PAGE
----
It is time to take your loved one with Alzheimer’s or other forms of dementia to a doctor’s appointment, but he or she refuses to go? As you explain why the appointment is necessary, their stress and agitation increase and verbal and even physical resistance ensues. Before such situations occur, we must ask ourselves if it is OK to fib to our loved one to get them to the doctor’s office? To take them to lunch or a movie then drop by the doctor’s office on the way home without warning? The answer to these two questions is yes.
Therapeutic Fibbing Can Reduce Stress, Anxiety, and Agitation
It is important to realize that your loved one with dementia often lives in a world of fear. Once familiar faces, places, and activities can become strange and even frightening. People with dementia often withdraw into past memories for comfort, even to the point of forgetting they have cognitive impairment making “new” people, places, and experiences that more frightening.
According to the Family Caregiver Alliance, “Meticulous honesty can lead to distress when someone has dementia.” Research shows that “therapeutic fibbing” can reduce the stress, anxiety, and agitation a loved one with cognitive impairment faces when encountering what used to be everyday tasks and responsibilities. Research also shows that therapeutic fibbing decreases stress for the caregiver as well.
Therapeutic Fibbing Can Help Make Communication More Effective
Communicating effectively with your loved one who has dementia or Alzheimer’s is vital, but it is even more important to communicate with them in a manner that proactively helps avoid these situations in the first place and therapeutic fibbing can achieve that. For example, instead of constantly reminding a loved one that their parents or a best friend have passed away, assure your loved one that they are well and will be “be here soon” or “are on vacation and send their love.” If dementia has regressed to the point that childhood memory is now your loved one’s safe harbor, comfort him or her with the knowledge that a treat or toy awaits them after a visit to the dentist or doctor.
Fibbing Can Help Mitigate Emotional Pain
Sometimes it is difficult for a caregiver to “lie” to their loved one, especially when one is raised with the value of always telling the truth. Deception can be spiritually and emotionally taxing to the caregiver in such circumstances. Yet keeping in mind that the greater good is achieved by preventing unnecessary emotional pain and suffering on a loved one almost always eases and dissipates such self-doubt and guilt.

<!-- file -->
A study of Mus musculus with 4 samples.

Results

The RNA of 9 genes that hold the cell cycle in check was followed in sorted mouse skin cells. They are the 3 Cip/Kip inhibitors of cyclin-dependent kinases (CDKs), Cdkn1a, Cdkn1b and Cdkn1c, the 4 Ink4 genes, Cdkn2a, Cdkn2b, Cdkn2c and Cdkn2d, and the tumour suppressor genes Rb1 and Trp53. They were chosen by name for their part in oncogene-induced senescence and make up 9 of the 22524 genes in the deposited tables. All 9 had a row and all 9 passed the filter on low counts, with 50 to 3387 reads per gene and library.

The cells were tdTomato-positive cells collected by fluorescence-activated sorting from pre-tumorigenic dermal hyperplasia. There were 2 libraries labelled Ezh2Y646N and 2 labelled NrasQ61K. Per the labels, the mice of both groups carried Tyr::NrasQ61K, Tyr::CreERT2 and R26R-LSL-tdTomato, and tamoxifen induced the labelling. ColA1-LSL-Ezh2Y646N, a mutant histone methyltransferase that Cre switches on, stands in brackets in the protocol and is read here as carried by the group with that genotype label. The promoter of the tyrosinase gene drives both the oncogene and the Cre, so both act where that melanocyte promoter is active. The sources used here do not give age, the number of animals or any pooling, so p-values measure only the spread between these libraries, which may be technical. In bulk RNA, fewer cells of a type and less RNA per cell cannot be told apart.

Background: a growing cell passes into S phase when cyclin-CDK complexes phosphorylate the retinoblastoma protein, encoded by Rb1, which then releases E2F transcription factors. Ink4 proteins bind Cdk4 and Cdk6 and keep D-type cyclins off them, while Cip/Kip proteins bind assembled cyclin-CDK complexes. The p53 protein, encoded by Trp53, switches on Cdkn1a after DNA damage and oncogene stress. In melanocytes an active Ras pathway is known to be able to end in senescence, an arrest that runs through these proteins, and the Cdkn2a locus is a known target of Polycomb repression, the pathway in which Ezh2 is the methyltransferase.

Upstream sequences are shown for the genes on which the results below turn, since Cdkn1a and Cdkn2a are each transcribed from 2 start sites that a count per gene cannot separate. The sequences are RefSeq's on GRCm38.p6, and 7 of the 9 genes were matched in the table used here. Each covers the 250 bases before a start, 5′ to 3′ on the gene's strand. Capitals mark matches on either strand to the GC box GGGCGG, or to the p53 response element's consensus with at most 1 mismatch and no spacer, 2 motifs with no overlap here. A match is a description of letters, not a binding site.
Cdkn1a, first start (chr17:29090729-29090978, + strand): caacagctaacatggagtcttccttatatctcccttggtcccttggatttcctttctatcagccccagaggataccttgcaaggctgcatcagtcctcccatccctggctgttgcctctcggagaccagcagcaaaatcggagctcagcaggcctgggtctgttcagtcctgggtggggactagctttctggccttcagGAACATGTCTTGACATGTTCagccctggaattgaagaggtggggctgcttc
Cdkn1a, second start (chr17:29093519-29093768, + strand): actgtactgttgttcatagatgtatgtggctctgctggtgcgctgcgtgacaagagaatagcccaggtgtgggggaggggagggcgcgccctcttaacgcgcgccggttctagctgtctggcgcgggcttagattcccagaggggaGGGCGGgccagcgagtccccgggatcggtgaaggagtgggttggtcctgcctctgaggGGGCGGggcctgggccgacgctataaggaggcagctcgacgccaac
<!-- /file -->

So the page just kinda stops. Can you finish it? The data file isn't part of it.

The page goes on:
One way around such ethical dilemmas is to avoid the fib and the stress when possible by not feeling the need to correct mistakes of little or no consequence to the loved one’s health and well-being. For example, they may call their pet cat by the name of a long gone pet or they may talk about a conversation with a friend they haven’t spoken to in decades. Correcting your loved one at such times can create stress and can make them feel down on themselves for not realizing their mistake.
Try Distractions When Moral Dilemma is an Issue
Another way around these dilemmas is to engage in distraction. For example, if your loved one is beginning to get apprehensive about a situation, remind them that his or her favorite television show is about to begin (keeping episodes recorded on the DVR or on a streaming service watch list is quite useful here). Similarly, simply telling a story, asking an unrelated question, or offering to do something they like to do are effective distractions to ease their concerns.
Of course, such techniques are not always called for and truth and “reorientation” are necessary. For example, reminding the loved one of their current location, the date, the identity of the primary caregivers, or the need for medication is appropriate when done in kindness and love.
Adaptability is the Key When Caring for A loved one with Dementia or Alzheimer’s
Caregivers offering senior home care have to learn the art of how to balance these different approaches with their loved one. What works for one person may not work for another. The idea here is for the caregiver to adapt as circumstances dictate in order to achieve the goals of providing the love and support a loved one with dementia needs so that they are as stress and anxiety free as possible. This, in turn, will ease the stress in the caregiver as well.